The American Library Association defines information literacy as “a set of abilities requiring individuals to ‘recognize when information is needed and have the ability to locate, evaluate, and use effectively the needed information.'” Technology, as they note, has created an environment in which students are “faced with diverse, abundant information choices–in their academic studies, in the workplace, and in their personal lives.”
Developing the skills to navigate the learning environment created by the conjunction of technology and information should be a high concern for us. The ALA suggests that “[a]n information literate individual is able to:
- Determine the extent of information needed
- Access the needed information effectively and efficiently
- Evaluate information and its sources critically
- Incorporate selected information into one’s knowledge base
- Use information effectively to accomplish a specific purpose
- Understand the economic, legal, and social issues surrounding the use of information, and access and use information ethically and legally
These skills sound an awful lot like the critical thinking skills we have always promoted in higher education. What we sometimes fail to convey, though, are the skills to use technology to accomplish them.
So, do you think there should be an initiative at your college to incorporate technology skills in every course or discipline? Or do you think you need a course in Information Technology Literacy? What would you include in such a course? [And for those of you who make the mistake of thinking our students are naturally skilled, see last week’s post]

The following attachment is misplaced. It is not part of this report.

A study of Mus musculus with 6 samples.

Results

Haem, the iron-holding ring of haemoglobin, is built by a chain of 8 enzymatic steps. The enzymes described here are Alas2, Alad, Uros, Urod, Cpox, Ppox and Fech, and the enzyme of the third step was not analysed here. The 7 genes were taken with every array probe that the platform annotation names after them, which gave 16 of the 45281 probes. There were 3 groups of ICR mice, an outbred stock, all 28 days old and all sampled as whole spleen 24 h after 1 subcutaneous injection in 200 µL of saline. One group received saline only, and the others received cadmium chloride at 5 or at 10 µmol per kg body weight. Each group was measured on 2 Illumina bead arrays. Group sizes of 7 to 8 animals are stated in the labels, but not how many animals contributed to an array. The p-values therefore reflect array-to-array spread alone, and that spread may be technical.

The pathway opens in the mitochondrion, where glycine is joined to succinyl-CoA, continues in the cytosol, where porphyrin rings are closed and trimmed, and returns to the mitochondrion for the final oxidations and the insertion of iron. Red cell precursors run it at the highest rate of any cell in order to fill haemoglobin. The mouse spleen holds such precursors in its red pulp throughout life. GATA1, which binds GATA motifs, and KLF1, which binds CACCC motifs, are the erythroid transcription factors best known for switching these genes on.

The National Academy of Engineering defines technological literacy this way:
One useful way to think about technological literacy is as a component of the more general, or “cultural,” literacy popularized by educational theorist E.D. Hirsch, Jr. Hirsch pointed out that literate people in every society and every culture share a body of knowledge that enables them to communicate with each other and make sense of the world around them. The kinds of things a literate person knows will vary from society to society and from era to era; so there is no absolute definition of literacy. In the early twenty-first century, however, cultural literacy must have a large technological component.
They also have a list describing the characteristics of a technologically literate person in terms of knowledge, ways of thinking and acting, and capabilities–again, characteristics compatible with our goals, although heavily concerned with engineering :
- Recognizes the pervasiveness of technology in everyday life.
- Understands basic engineering concepts and terms, such as systems, constraints, and trade-offs.
- Is familiar with the nature and limitations of the engineering design process.
- Knows some of the ways technology shapes human history and people shape technology.
- Knows that all technologies entail risk, some that can be anticipated and some that cannot.
- Appreciates that the development and use of technology involve trade-offs and a balance of costs and benefits.
- Understands that technology reflects the values and culture of society.
- Asks pertinent questions, of self and others, regarding the benefits and risks of technologies.
- Seeks information about new technologies.
- Participates, when appropriate, in decisions about the development and use of technology.
- Has a range of hands-on skills, such as using a computer for word processing and surfing the Internet and operating a variety of home and office appliances.
- Can identify and fix simple mechanical or technological problems at home or work.
A number of these are easily translated into more general qualities that go beyond science and engineering, but the main idea is that there are new literacies to be taught here, and we need to think about how to go about that, so that our students are guaranteed a uniform opportunity to learn how to be a lifelong learner in this increasingly technological world.